Alaska News

Making local Alaska foods deliciously fun

Rising food costs and a national epidemic of obesity have naturopath Gary Ferguson and gourmet chef Rob Kinneen scrambling to help Alaskans realize that the store outside their door is a great source of eating economically for better health.

"What we are hoping to do is to bring fun energy to traditional foods in contemporary ways," said Ferguson, the director of wellness and prevention at the Alaska Native Tribal Health Consortium in Anchorage.

"My whole mission is basically bringing awareness and accessibility to Alaska's food supply," said Kinneen, who has become known in his career as a chef in Alaska as an advocate of sourcing locally.

Ferguson and Kinneen recently completed a "webisode" on gathering, preparing and storing nutritious foods that can be gathered in Southeast Alaska, and plan to continue their venture in other regions of the state.

There are a lot of things tied into the project on how to forage, hunt, store and prepare these foods, said Ferguson, in an interview at the recent Global Foods Alaska 2011 in Soldotna, a conference and trade show for the food industry in Alaska.

The theme of their webisodes is "Traditional foods/Contemporary Chef."

Kinneen, also in attendance at the conference, meanwhile has premiered his new website,, which he says will intertwine his passion for local foods, his contemporary chef training, and lead him on a journey to connect with his Native identity while exploring the nutrient dense bounty Alaska has to offer.


Ferguson, who holds a doctorate in naturopathic medicine, notes a U.S. Department of Agriculture survey that notes about $2 billion is spent by Alaskans annually on food, of which 2-3 percent is sourced in Alaska. It's a bad trend, he said, being dependent on places outside of Alaska for food, one he would like to reverse, for the health of Alaskans as well as job opportunities.

Kinneen, for his part, wants to concentrate on affordable menus using foods that are regional and utilize ingredients from the average decently stocked pantry, he said.

In the Southeast Alaska webisode, for example, Kinneen demonstrated preparation of a meat course of venison skewered with zucchini and onion, marinated in spruce tips, garlic, oil and wild parsley, with some seal oil to help the marinade. It was served with skunk cabbage roots and fiddlehead ferns, with a sauce of spruce tip vinaigrette.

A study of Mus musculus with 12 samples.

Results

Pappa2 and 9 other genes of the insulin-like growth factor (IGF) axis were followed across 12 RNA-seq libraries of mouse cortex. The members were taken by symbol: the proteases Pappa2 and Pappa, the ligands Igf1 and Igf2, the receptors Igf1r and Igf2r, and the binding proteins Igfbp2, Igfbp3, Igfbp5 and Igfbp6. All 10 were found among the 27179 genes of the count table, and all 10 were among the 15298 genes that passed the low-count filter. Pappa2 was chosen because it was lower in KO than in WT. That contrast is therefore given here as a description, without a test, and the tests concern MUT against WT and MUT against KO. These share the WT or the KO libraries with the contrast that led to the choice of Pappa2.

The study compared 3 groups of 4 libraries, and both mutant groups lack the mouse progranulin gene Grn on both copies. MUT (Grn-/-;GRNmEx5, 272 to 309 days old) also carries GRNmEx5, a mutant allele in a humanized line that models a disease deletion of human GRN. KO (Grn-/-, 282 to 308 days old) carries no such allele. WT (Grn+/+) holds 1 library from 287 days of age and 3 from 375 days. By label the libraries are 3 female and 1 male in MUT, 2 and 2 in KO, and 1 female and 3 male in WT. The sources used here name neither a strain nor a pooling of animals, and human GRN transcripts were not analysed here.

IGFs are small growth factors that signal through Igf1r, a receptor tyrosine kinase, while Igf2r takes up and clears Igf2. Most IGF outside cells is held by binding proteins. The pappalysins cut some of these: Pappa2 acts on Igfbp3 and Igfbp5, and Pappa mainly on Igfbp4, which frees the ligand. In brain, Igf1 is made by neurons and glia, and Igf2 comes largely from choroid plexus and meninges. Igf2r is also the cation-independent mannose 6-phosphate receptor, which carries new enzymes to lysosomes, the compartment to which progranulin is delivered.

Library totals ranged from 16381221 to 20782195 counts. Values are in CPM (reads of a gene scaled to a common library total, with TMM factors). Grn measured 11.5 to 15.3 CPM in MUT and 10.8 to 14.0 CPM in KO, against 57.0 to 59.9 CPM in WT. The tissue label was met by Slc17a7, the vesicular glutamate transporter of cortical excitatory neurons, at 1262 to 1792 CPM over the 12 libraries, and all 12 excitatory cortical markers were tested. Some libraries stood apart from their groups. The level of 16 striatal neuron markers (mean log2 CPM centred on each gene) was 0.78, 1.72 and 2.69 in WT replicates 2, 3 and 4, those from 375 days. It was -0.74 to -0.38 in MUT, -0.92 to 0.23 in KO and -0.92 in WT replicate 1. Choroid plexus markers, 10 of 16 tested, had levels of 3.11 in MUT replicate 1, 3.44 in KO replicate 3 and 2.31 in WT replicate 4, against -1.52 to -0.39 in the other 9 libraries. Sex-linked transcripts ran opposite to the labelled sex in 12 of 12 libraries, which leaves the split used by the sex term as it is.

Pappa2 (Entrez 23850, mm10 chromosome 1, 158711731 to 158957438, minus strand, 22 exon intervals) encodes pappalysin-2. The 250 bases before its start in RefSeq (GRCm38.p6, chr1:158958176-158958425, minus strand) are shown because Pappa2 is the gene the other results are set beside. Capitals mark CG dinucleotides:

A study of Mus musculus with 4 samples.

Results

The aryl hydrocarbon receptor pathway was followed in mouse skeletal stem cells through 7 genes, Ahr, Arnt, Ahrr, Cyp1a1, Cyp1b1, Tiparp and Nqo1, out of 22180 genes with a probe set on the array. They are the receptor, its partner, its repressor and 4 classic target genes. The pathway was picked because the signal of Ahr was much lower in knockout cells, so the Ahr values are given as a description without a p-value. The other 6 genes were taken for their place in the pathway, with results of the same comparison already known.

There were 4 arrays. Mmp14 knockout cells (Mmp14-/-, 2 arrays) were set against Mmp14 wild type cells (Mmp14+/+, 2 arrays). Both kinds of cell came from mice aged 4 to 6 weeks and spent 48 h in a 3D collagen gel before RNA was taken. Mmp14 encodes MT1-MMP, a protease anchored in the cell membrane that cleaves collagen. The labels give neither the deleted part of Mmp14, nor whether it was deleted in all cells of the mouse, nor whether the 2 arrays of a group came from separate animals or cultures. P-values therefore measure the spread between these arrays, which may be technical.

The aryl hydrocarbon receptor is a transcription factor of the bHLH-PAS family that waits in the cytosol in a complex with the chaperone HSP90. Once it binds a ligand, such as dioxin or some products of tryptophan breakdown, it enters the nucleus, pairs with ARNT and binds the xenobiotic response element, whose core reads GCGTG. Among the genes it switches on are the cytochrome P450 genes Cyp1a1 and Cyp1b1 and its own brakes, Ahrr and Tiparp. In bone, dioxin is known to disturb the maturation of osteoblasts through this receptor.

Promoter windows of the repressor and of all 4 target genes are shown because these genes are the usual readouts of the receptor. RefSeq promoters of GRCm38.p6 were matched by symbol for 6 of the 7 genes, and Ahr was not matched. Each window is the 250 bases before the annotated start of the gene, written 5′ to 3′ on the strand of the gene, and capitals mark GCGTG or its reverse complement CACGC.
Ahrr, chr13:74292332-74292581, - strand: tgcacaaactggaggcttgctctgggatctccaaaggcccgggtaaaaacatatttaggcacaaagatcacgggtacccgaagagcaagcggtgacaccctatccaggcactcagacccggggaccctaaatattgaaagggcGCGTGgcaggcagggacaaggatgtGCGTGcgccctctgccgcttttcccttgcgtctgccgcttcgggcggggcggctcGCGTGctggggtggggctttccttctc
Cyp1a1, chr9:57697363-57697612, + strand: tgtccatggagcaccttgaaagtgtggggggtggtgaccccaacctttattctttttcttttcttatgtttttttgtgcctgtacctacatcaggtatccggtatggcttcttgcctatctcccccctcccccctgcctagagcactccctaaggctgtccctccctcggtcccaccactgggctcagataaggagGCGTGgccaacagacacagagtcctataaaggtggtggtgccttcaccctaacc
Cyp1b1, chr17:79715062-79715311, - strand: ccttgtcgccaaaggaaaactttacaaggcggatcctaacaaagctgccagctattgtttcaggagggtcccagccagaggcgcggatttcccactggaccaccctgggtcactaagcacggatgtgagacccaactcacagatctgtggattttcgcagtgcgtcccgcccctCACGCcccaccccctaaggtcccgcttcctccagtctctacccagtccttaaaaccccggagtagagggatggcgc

Now he's turning his attention to Southcentral Alaska, and recently spent an evening with area Native elders gathering chocolate lilies, lovage and edible flowers in Girdwood.

There's lots of good food out there that people walk over every day, including fireweed blossoms, he said. "With less than one million residents and prices going up, it would do us well to look at the resources right in our own back yard," he said.

Kinneen, a graduate of the Culinary School of American, is an Alaskan chef of Tlingit heritage, born in Petersburg and raised in Anchorage, who has worked at a number of fine restaurants in Alaska and other states. He was the guest chef at the Sitka Seafood Festival last August and then again this year in May.

Ferguson, an Aleut who grew up in Sand Point, is a graduate of the National College of Naturopathic Medicine. He has been working on diabetes prevention since 2001, starting with the Eastern Aleutian Tribes, in his first job out of college. His professional credentials include serving as a board member for Access Alaska and the Aleut Foundation.

Now he wants to engage the whole state in this wellness project.

With their webisode on Southeast Alaska expected to be ready for release by the end of June. Ferguson and Kinneen are already looking ahead to similar productions for Southcentral Alaska and the Yukon-Kuskokwim area.

Each of the webisodes will engage local elders, traditional foods, local tribes and the stories associated with these foods, Ferguson said.

"We want to work with the whole community," he said. "We also have conversations underway for a possible Interior project in the Ruby-Galena area. A lot of this is about funding. We want to create enough buzz so that corporations in these regions we go to want to be part of that."

Carrie Brown, director of the Health Alaska Native Foundation, which is affiliated with the Alaska Native Tribal Health consortium, has set up a cost center for donations that will go directly to the project, he said.

Meanwhile, Ferguson and Kinneen remain excited about the potential of helping fellow Alaskans learn to find more nutritious foods in the wild in the areas where they live.

"As the season goes, more and more plants come out, plants with nutritional and medicinal values," Ferguson said. They can be harvested for immediate use and a lot of them can also be blanched and frozen, he said.

This story is posted with permission from Alaska Newspapers Inc., which publishes six weekly community newspapers, a statewide shopper, a statewide magazine and slate of special publications that supplement its products year-round.